Desert Isle Keeper
A Careful Heart
I would have thought it unlikely that a beautiful, romantic novel could include domestic abuse, but the author of A Careful Heart has proven me wrong. Ralph Josiah Bardsley uses the story of two close friends to introduce this oft-neglected subject in queer romance. A Careful Heart follows Travis Gaines and Stephen Davis from childhood to their early twenties. One finds romance, and the other thinks he has but pays a high price for his ‘perfect guy’ and ‘perfect life’. The family dynamics of both characters are drawn well, giving us sufficient information to augment the story without lingering and taking the focus away from the main characters – although I have to admit a great fondness for one character’s father.
Travis and Stephen grow up next door to each other in a small northern New Hampshire town. Being born only a month apart, they grow up as brothers who face life’s hurdles and milestones together. Travis is athletic, popular and handsome whereas Stephen has no sense of his own good looks, and is shy, intelligent and eventually nicknamed ‘The Ghost’ by his friend. No one really notices Stephen unless he speaks up, but as the best friend of Travis, he suffers no bullying or harassment. They survive high school where, towards the end, Stephen accidentally finds out his friend is gay. He isn’t upset by the discovery, just by the fact that Travis didn’t tell him – as they usually share everything. Stephen also finds out that Travis and even their parents thought Stephen was gay too, but he admits he has never been attracted to a man – or to a woman as yet, either.
They separate for College, which Stephen seems to enjoy more than Travis does, and most importantly, Stephen falls madly in love with Melissa. Their romance lasts for quite some time while Travis has hook-ups but nothing vaguely romantic. Stephen and Melissa’s rather quick and confusing break-up is probably the only reason I have for not making this an A grade review.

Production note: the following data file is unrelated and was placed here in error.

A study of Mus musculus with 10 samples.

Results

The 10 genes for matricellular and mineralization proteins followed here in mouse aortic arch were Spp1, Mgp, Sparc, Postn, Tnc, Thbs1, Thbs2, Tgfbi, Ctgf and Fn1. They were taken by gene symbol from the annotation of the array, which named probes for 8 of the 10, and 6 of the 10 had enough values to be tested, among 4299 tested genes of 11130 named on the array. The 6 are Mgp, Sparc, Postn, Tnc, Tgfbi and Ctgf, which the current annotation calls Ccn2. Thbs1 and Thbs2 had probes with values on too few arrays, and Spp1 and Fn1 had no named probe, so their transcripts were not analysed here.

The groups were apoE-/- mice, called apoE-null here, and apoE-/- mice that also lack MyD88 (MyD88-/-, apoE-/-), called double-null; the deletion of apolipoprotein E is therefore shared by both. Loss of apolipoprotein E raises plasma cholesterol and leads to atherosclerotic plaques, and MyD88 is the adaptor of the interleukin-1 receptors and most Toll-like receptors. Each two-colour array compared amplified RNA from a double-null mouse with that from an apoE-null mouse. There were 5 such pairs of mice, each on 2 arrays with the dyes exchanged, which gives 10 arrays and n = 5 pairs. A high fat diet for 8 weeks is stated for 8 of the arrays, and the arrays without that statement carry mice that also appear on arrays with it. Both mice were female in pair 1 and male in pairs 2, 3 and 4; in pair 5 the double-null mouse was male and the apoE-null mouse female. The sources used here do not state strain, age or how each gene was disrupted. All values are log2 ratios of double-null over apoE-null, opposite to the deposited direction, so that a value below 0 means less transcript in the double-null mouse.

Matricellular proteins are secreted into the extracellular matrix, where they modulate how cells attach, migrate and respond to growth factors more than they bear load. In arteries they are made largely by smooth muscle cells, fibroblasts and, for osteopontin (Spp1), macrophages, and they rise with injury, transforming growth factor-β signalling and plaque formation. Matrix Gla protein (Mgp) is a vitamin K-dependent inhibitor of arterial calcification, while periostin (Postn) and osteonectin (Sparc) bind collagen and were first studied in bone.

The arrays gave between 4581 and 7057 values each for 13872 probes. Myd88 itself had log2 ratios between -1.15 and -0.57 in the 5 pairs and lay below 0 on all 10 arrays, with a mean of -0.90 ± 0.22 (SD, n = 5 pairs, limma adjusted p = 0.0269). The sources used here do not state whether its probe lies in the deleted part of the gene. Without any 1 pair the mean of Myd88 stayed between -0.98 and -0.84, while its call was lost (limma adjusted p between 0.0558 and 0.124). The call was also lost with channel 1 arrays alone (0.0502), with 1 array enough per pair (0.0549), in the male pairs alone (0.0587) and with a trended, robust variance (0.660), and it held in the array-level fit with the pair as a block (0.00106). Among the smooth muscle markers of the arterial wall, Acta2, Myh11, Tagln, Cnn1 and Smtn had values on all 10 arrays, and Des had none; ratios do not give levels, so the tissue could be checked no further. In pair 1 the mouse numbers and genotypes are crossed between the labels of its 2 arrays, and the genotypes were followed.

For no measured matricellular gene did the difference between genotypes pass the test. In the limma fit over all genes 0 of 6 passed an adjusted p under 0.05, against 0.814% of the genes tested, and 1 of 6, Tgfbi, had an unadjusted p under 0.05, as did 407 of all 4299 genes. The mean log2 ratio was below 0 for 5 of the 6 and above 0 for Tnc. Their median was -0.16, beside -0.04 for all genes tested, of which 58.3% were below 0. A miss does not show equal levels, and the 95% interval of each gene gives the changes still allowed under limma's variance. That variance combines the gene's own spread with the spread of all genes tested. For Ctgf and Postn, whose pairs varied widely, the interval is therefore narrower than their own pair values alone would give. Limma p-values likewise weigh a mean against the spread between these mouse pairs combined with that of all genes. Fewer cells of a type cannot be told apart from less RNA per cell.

Stephen and Travis can’t wait to start the exciting part of their lives when they move in together in Boston where they both have entry level jobs. Travis works in the financial district and Stephen in advertising and design.
The novel is divided episodically by years. I found this slightly jolting but usually because I didn’t want the part I was reading to end. Of the two main characters, I loved quiet, gentle Stephen the best. Travis is introduced as a rather brash, overconfident and slightly insensitive young man, so the author tends to syphon emotions to the reader via Stephen and an important character, Gabe, whom we meet later in the book.
I loved the elegant use of metaphoric descriptions and narrative. The author utilises surroundings, the weather, even restaurant design and bars to convey emotion and heighten expectation. Here is the opening of a chapter entitled, Moving Out and Moving On that I think illustrates what I mean…
Another year passed, and with it went all the quotidian events that mark the cadence of time. The frigid winter finally gave way to a wet spring. Boston expelled a deep sigh of relief as the cold Artic winds turned to warm spring breezes…
As I mentioned at the start, there is a story of domestic abuse in this novel. It is an important part but not the main story. There are no explicit sex scenes, but the relationships, interactions and dialogue are so beautifully written I didn’t realise until the end, and I didn’t miss them. The sexual tension is there, the love is there, the blossoming of a relationship is there – everything else is off page, which makes the physicality of the domestic abuse scenes so vivid and disturbing. However, do not let this put you off a wonderful book; this subject needs to be brought into the light. The violence is in the writing and is never gratuitous. Violence in relationships can affect anyone, as A Careful Heart compellingly proves.
There is an HEA, and an HFN and I highly recommend this novel. I loved the writing and the romance so much that I am going to read this author’s back catalogue.